Posted by CliffStamp 
August 25, 2012 11:58PM
I have had this knife since 2000, first time on video :





Nice heavy wood blade.
Re: Himalayan Imports : 18" Ang Khola Khukuri
August 26, 2012 06:29AM
I debate with myself about getting the biggest version on a weekly basis.
Re: Himalayan Imports : 18" Ang Khola Khukuri
August 27, 2012 03:58AM
Is it known what type of steel is used in these? And does the heat treat work well with said steel.

Edge wise, would you say it is proficient for overall work? Or is it more along the lines of strictly processing wood?

How bad is the vibration in the handle when chopping ( If at all )

As for its performance in chopping, that's a pretty impressive blade.
Re: Himalayan Imports : 18" Ang Khola Khukuri
August 27, 2012 09:50AM
I think the steel is 5160.

Here are a few things to consider. A traditional kuk comes with 2 smaller blades. Blades can be a bit of a stretch as one is not sharpened and some say it's for steeling the edge while others say it for sharpening. The other blade is sharp and it is used for detail work and smaller chores.
Basically when you look at it and think, you'll notice that it is a system, just like for the western world a hatchet, a small knife and a sharpening stone or file were.
Re: Himalayan Imports : 18" Ang Khola Khukuri
August 27, 2012 12:52PM
Is it known what type of steel is used in these? And does the heat treat work well with said steel.

They are spring steels, recycled from heavy trucks, at least this was the case 12+ years ago when I bought them.

Quote



Edge wise, would you say it is proficient for overall work? Or is it more along the lines of strictly processing wood?

The blade is fairly heavy, 900+ grams. However the edge angle is actually more acute than on most folders, it is less than 15 dps. The blade thickens rapidly so you can't cut a turnip with it easily, but on shallow work it works very well. I reviewed a number of them, there are lots of cutting comparisons in the reviews. They can easily out cut the standard large blade profiles which are commonly 0.045"/20 dps.

Quote


How bad is the vibration in the handle when chopping ( If at all )

Annealed/tapered tang, edge quenched blade, proper balanced sweet spot. There is nothing felt when chopping aside from the raw energy of impact, but no shock/vibration.
Re: Himalayan Imports : 18" Ang Khola Khukuri
July 13, 2013 03:07PM
Thought I'd jump in with a little bit of extra up to date info on what kind of stuff goes on in the various khukuri houses.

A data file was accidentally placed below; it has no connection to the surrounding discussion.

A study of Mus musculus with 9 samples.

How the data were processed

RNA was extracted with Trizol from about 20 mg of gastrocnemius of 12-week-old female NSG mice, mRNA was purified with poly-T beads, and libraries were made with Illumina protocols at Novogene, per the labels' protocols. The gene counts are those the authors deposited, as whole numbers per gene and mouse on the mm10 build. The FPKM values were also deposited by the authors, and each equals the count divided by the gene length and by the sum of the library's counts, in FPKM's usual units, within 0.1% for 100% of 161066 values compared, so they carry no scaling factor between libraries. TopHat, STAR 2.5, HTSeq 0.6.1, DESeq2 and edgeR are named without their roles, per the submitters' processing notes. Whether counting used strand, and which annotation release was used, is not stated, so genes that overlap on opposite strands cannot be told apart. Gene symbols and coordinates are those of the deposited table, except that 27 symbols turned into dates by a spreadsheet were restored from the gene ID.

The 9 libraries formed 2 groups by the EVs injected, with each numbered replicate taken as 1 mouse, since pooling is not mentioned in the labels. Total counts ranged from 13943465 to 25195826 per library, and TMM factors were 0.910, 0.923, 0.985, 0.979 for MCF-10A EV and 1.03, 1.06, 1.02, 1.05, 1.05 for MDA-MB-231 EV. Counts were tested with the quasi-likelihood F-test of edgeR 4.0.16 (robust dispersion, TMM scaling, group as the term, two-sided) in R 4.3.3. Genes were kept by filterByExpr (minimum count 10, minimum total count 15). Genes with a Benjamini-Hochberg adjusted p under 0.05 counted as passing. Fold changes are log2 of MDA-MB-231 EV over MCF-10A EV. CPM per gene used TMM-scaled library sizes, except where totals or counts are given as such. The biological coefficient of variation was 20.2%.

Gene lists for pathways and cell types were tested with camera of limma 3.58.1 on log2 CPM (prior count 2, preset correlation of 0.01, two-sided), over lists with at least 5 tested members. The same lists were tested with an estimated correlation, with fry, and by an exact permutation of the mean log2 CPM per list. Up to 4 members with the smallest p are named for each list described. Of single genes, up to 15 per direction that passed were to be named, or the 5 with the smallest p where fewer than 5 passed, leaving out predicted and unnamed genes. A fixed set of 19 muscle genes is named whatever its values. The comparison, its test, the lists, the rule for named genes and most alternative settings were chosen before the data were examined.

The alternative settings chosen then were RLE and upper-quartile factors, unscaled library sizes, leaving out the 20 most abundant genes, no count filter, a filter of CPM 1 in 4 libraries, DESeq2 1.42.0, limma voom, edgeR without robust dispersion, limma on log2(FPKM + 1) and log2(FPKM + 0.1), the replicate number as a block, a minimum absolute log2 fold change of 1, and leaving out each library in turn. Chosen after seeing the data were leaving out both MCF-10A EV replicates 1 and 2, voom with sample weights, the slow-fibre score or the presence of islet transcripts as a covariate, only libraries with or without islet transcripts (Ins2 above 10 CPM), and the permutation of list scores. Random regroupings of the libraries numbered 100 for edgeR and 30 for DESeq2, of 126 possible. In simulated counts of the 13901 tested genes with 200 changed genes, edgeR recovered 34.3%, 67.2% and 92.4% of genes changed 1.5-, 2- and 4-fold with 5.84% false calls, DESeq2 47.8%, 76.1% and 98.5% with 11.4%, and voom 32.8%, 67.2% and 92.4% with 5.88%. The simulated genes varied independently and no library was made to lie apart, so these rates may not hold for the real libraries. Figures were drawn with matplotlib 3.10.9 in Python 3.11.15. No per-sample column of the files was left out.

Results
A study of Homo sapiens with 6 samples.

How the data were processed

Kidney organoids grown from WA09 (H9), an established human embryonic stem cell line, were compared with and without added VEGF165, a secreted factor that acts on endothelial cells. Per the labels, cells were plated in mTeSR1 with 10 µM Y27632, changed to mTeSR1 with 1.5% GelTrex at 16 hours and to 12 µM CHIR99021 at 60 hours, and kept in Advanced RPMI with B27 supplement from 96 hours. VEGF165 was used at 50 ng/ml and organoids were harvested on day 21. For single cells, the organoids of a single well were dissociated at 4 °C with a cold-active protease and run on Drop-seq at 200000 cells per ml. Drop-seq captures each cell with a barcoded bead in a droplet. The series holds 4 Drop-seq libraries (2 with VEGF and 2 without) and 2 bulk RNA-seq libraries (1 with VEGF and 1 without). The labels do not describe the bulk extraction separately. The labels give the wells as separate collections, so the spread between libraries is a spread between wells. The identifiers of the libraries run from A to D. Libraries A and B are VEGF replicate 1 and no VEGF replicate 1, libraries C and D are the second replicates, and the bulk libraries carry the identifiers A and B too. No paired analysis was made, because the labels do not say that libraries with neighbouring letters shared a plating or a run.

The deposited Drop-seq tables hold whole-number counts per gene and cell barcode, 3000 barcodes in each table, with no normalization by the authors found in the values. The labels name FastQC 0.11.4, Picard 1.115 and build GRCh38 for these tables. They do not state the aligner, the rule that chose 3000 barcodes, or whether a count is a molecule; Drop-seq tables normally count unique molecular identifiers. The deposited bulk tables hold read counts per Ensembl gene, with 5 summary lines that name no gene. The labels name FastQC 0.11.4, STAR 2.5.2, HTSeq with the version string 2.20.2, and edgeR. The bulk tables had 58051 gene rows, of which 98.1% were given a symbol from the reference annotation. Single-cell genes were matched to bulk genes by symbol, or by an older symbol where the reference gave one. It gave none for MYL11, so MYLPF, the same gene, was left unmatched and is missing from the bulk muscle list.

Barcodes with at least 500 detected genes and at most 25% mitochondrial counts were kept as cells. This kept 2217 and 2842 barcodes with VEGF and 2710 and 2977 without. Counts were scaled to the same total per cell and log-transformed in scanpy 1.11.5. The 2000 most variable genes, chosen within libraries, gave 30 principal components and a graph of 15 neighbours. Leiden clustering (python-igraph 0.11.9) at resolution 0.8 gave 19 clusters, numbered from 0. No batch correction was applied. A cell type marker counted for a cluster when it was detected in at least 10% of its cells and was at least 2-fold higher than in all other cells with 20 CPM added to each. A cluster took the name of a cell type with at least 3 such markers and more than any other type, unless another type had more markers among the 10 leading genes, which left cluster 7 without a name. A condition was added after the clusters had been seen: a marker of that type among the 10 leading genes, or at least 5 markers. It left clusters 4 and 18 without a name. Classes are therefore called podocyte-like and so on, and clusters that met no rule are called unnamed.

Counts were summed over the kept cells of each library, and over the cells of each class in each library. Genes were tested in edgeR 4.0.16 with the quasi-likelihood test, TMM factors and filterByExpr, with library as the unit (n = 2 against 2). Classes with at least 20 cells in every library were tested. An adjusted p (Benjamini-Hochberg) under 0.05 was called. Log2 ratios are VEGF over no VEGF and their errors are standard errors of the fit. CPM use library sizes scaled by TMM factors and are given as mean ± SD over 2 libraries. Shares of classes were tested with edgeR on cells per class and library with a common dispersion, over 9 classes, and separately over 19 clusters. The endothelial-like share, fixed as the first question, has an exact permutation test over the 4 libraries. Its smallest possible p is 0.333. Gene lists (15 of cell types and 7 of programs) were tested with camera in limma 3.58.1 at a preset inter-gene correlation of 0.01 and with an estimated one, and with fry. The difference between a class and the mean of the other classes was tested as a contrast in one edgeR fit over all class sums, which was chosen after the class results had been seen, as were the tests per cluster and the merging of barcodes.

5160 is still what is used for the majority of blades. However, these leaf springs are becoming increasingly expensive and some houses have been known to occasionally use EN-31. Which I understand to be very similar to 52100, a ball bearing steel. Not what would traditionally be used, though it has recently been proven in the field with quite a few large choppers being made out of it. I have khukuris made both of EN-31 and 5160, both of which get plenty of use. Performance wise they aren't as dissimilar as you might imagine, but there is a noticeable toughness advantage the 5160 and what I perceive is a finer edge being reached on the EN-31. I can't comment on corrosion resistance as I force a patina for my users.
Quality of heat treat differs greatly from house to house, but in my experience it's quite good. They're differentially heat treated through pouring water onto the blades with a teapot, selectively choosing where they want to harden.
This is why I have major reservations about the use of EN-31. This simple heat treat method is capable of great results and is time tested for 5160, but I've read that 52100 has a far more complex and fussy heat treat, which I doubt they will be able to satisfy with a teapot and water.
As stated though, my 52100 khukuri is still a performer, though does not quite have the hardness I would expect from the steel, which suggests that they might not have gotten the best out of the steel in heat treat. Another thing is that I feel my edge durability is decreasing with repeated sharpenings on my 52100 khukuri, regardless of my gradual reduction in edge angle.
This has got me wondering if the hardness is just very shallow and if I've worked my way to a softer core over time. If I get any clarity on this, I will be certain to pass it on.

As a little expansion on cliff's answer, I don't enjoy using my giga chopping khukuri for light stuff at all. If you get the knife moving quick enough it can definitely perform machete tasks, however slowing it down afterwards makes me fatigued in a short amount of time.